I decided to pay a visit to a place very close to my heart: Conner Prairie Living History Museum, where I worked for about five summers during college. I had not been back in many years, and I was excited to find, in addition to familiar memories of my first experiences in orchards, some pleasing new connections to cider and wine.
Just north of Indianapolis, this museum has several recreated historic areas depicting the development of European settlement in the state of Indiana during the nineteenth century: an 1816 Lenape Trading Post, an 1836 Prairietown village and a Civil War era farm. I spent a lot of time here wearing excessive amounts of clothing while doing period cooking over an open fire, and it was here that I first fell in love with historic agriculture and cookery.
Though there are many historic and reconstructed buildings in the museum, the only building original to the property is the 1820s farmhouse built by William Conner – fur trader, settler, farmer, and entrepreneur – which overlooks an agriculturally advantageous horse-shoe bend of the White River.
I’ve always loved houses of this period: the high ceilings and large windows let in so much light and air. Even on a hot day, they are flung open, allowing the outdoor and indoor worlds to co-mingle. The kitchens, based around a hearth and a worktable, have room to move in – theatres in the round of culinary action, based around moving bodies instead of appliances. And there is nothing so alive as an open hearth, where cooking is a matter of well-honed instinct for the smell of baking (or burning) bread, and a sense of temperature according to the skin, rather than a thermometer.
One of the things I loved about working there was the effect it had on the senses. There are many criticisms to be levelled at living history museums – that they tidy up the past into a theme-park fantasy, focus too much on white rural settler narratives at the expense of other American experiences, and create awkward scenarios for visitor interaction. But I still believe in their fundamental purpose of introducing history as something that can be partially experienced through the body. The trick is in moving the experience beyond simple fantasy to sympathy, where one’s bodily, sensory grasp of the material conditions of the past inspires a more personal interior understanding of another individual’s possible experience. To walk in another person’s shoes, to cook at another person’s hearth. To press apples the way it was done in 1836. Sympathy is, I believe, a profoundly democratic aspiration, and a morally and socially complex approach to history.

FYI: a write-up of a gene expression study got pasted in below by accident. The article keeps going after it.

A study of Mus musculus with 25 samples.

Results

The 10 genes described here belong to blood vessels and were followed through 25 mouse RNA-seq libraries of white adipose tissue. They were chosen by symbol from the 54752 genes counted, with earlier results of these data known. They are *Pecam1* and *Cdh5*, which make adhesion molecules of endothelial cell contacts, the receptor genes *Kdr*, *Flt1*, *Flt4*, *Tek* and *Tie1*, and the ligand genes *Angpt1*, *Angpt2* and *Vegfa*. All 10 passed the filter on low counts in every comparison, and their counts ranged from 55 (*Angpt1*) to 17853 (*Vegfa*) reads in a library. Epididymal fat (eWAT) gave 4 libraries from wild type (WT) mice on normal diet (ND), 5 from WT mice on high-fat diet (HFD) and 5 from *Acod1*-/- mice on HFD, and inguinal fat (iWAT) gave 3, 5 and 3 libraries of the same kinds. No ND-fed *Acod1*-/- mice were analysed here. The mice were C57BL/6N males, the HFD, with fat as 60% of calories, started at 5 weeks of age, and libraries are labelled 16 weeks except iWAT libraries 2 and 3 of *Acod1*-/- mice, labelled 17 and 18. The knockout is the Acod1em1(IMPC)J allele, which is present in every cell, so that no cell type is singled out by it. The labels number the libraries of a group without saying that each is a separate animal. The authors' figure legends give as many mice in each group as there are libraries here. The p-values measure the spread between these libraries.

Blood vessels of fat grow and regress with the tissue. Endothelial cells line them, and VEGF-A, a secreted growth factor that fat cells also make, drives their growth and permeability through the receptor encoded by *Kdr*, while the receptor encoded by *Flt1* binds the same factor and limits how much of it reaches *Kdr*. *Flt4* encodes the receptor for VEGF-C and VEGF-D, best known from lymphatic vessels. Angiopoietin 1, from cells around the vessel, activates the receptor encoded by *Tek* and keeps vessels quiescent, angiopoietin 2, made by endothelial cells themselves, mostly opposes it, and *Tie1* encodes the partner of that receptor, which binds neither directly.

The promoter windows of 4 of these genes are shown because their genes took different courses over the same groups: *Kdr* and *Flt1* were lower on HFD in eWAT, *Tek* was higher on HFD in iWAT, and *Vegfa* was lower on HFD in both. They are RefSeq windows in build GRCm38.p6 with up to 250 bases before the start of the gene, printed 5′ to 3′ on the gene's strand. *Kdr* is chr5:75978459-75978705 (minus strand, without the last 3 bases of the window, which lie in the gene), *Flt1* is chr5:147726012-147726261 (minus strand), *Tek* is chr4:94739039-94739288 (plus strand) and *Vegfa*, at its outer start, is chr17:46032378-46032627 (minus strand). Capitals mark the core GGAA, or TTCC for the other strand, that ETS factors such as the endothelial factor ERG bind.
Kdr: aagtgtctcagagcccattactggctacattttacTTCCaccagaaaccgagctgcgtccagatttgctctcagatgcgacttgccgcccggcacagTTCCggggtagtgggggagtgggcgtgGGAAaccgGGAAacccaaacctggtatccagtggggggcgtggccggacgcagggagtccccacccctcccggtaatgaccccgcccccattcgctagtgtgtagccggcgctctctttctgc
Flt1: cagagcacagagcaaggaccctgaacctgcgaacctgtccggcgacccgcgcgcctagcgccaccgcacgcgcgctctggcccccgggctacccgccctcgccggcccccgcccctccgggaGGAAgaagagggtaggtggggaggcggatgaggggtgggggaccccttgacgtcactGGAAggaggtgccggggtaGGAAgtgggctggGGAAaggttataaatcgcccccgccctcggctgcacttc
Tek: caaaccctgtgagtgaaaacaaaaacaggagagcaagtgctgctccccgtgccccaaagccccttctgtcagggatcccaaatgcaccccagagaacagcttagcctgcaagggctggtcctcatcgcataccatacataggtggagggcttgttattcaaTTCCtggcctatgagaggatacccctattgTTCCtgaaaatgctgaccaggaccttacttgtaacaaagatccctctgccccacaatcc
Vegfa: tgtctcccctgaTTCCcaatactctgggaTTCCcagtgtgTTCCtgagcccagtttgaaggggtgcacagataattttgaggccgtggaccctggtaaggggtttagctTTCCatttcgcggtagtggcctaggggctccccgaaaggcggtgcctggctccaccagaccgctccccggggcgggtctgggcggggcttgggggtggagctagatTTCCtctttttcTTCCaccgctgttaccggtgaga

Spending a good portion of the day working in an un-electrified environment with no running water slows down the pace of life immensely. Sometimes, during a few slow hours, I would just watch shadows creep across the floor. It profoundly changed my sense of light, colour, and visual perception.
Occasionaly on my lunch break, I walked through the old neglected orchard on the back end of the property, in an area that was at that time off-limits to visitors. The apples, a golden yellow variety named “Early Transparent” which ripen in July, would fall to the ground and begin to rot, making the humid air thick with the perfume of pulp fermenting in the searing Indiana sun. Since the museum’s expansions in recent years, it has been cleaned up, the old decrepit trees removed. Currently, only a few remain, but even these produce enough for the possibility of cider-making.
I played a number of characters in the historic village, each with varying degrees of museum-sanctioned, historically accurate biography, and a lot of material improvised during the everyday interactions of museum staff, where the lines between history, theatre, and everyday life were sometimes ephemeral and shifting. I often mused on the possible inner lives of the fictional characters I portrayed in short poems, including this one , about a young woman living on a new farm at the edge of the wilderness, dreaming of an orchard in the more settled, cultivated life she had left back east. Settlers on the frontier are usually portrayed as looking confidently forward, into the wilderness in the American Myth. But so much of the transformation of that frontier was created by looking backwards. The space on the zone of transformation, between forest and orchard, must have been fraught with excitement, regret, and trepidation.
I was excited to find that one of my old co-workers, who had started as a teen volunteer when I worked there, was now a full time staff member who seems to be influencing things in favour or historic beer, wine, and cider making! Witness this project in progress at the carpentry shop, a cider press apparently constructed after a historic design. I’ve not seen one like this before, so I am keen to find out more about it.
She had success last year with elderberry wine. The berries on the bush outside the barn look promising, and bottles labeled “Elderberry” sit temptingly on the shelves of the tavern room in the reconstructed Golden Eagle Inn in the 1836 village.
I hope to be able to report back about the progress of cider making at Conner Prairie later in the fall, especially regarding the historical research they are drawing on to portray cider making in nineteenth century Indiana.